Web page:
The Tunisian bric is just one of many stuffed pastries eaten daily across the former Ottoman Empire. For centuries, every new civilization, empire, religion, trade route and movement of people added its own twist and claimed a version as their own.
The latest novel by British author Frances Osborne has been compared with "Downton Abbey." Based in part on her own family history, it features two women of different classes whose lives collide in a London townhouse in the early 20th century.
Syrian President Bashar Assad denied responsibility for the massacre that left more than 100 people dead in Houla in May. Pressure mounts on the Obama administration to consider a more aggressive response to the violence that has plagued Syria for more than a year.
Some say the gap between younger and older Americans over economic, social and political issues is wider than at any time since the the 1960s. We explore what this could mean for federal spending priorities and the outcome of the 2012 election.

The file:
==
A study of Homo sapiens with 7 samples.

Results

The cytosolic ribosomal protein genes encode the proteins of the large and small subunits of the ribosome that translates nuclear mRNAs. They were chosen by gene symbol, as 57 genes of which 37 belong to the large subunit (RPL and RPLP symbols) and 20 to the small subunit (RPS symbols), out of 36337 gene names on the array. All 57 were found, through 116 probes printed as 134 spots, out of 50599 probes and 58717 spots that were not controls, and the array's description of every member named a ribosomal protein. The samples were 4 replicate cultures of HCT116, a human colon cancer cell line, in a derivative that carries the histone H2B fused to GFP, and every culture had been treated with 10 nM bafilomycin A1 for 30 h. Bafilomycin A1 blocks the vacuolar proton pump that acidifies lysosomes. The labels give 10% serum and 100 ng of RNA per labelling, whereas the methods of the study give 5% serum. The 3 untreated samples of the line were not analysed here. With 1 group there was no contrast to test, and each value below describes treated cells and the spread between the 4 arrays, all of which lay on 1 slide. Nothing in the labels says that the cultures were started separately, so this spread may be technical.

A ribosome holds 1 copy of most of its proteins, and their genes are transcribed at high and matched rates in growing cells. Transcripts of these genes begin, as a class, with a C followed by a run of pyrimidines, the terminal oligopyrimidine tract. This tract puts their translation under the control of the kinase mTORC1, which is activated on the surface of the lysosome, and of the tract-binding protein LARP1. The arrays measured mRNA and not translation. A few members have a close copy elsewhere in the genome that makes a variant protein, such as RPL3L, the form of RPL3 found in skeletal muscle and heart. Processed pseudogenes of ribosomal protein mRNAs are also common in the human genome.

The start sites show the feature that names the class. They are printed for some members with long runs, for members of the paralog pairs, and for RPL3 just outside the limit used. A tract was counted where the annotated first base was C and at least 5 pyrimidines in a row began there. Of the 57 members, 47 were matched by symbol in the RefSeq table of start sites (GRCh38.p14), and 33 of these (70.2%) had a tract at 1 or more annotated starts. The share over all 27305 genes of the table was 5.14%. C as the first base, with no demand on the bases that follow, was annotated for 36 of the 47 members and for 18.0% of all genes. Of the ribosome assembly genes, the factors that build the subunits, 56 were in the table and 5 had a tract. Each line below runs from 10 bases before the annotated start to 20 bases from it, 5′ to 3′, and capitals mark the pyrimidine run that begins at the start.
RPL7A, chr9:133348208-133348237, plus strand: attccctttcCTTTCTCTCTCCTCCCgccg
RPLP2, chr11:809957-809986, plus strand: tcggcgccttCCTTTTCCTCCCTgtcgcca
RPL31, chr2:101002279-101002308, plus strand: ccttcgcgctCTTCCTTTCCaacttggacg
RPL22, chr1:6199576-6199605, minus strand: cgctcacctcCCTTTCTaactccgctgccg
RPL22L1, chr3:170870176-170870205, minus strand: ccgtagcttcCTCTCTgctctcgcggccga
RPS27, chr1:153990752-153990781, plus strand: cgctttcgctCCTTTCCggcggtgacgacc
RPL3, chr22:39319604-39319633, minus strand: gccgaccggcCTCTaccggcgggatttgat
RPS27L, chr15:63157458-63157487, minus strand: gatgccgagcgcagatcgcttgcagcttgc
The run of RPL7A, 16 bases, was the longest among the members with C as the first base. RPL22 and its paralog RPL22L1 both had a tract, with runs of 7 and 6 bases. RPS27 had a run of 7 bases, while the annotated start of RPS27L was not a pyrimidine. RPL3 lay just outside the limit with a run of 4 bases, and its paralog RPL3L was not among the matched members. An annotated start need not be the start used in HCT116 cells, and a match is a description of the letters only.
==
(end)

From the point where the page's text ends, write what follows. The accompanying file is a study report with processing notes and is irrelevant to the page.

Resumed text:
Islam is conventionally thought to have arisen in the Arabian desert, free from any outside influences. But a new book by historian Tom Hollander provides some surprising historical context — and an origin story quite different from the one most people know.
In Ignorance: How It Drives Science, neuroscientist Stuart Firestein writes that science is often like looking for a black cat in a dark room, and there may not be a cat in the room. Firestein discusses why the hit-or-miss process, the "not knowing" is the true engine of science.